This is a post about cycling and numbers. Every week, I have the same set of numbers running around inside my head.
If I am to break the magic 150km a week mark, I must do 30km every weekday. That means at least one "long" ride each day (hard core cycle nuts would probably piss themselves laughing at the thought of 20km being a "long" ride, but it's the best I can do in the time available between leaving work and having to do family stuff at home).
That means riding 5 days a week. If I am to crack the 200km mark, which seems to be an ever illusive mirage shimmering in the distance, then I must do two long rides per day, which means getting up before 6am and leaving the house before 6.30am. If some bastard at work has organised at 8am meeting, I have to depart even earlier.
Every day, the numbers keep going around and around as I cycle into work or return home. I do the calculation every time I get in the saddle - am I going to keep my average up at 30km today? Can I extend it and go past 150km this week? I'm feeling like crap - if I drop out early today, can I keep the average at the required level?
So far this year, I have hardly been able to make even the 150km mark. Some conspiracy of medical appointments or work scheduling restricts me to four days of riding. Punctures, mechanical failures and just plain bad weather leave me no option but to keep the ride distance to a minimum in order to get home in one piece. Muscle fatigue hasn't really been a problem this year, which has surprised me greatly.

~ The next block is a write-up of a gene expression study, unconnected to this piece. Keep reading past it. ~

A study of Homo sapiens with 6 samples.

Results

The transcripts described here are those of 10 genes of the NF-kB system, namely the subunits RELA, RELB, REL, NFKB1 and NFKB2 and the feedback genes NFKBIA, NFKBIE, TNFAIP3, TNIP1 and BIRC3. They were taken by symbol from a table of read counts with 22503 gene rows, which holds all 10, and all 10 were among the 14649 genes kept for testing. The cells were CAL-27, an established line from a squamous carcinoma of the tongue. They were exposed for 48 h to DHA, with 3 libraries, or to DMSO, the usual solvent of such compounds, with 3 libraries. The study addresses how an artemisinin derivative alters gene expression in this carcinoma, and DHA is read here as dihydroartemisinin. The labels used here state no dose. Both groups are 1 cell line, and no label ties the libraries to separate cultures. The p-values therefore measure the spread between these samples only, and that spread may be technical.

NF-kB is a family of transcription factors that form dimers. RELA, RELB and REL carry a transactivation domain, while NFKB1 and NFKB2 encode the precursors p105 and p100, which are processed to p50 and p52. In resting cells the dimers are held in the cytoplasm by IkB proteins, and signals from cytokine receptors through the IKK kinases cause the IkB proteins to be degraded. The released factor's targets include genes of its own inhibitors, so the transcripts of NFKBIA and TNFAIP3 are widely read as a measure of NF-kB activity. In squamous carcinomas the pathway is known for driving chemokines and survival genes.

Every 20km in the saddle represents about an hour of good, sustained exercise. So cracking the ton, or 160km, means 8 solid hours of exercise per week.
I can't get over the fact that various government agencies are still promoting the idea of half an hour of moderate exercise a couple of times per week. I work my arse off making 160km, and the waistline barely shrinks. I presume that the agencies are worried that if they tell people they need to do 2 solid hours of hard exercise per day, it will scare everyone off exercise for good.
Face it, 50 years ago, most of us would have been doing a hell of a lot more exercise than we are now. Even if I do 90 solid minutes per day, I am probably doing less than half of what someone like me would have been doing in say 1935. As a nation, we've largely forgotten what hard work involves, having mechanised just about every possible chore. Even farming has gone soft, thanks to chainsaws, things that help with fencing, tractors with lots of hydraulics and bulk loading. Imagine having to do everything with an axe, shovel and horse.
Ugh. The easier we make our lives, the harder we have to work to stay in shape.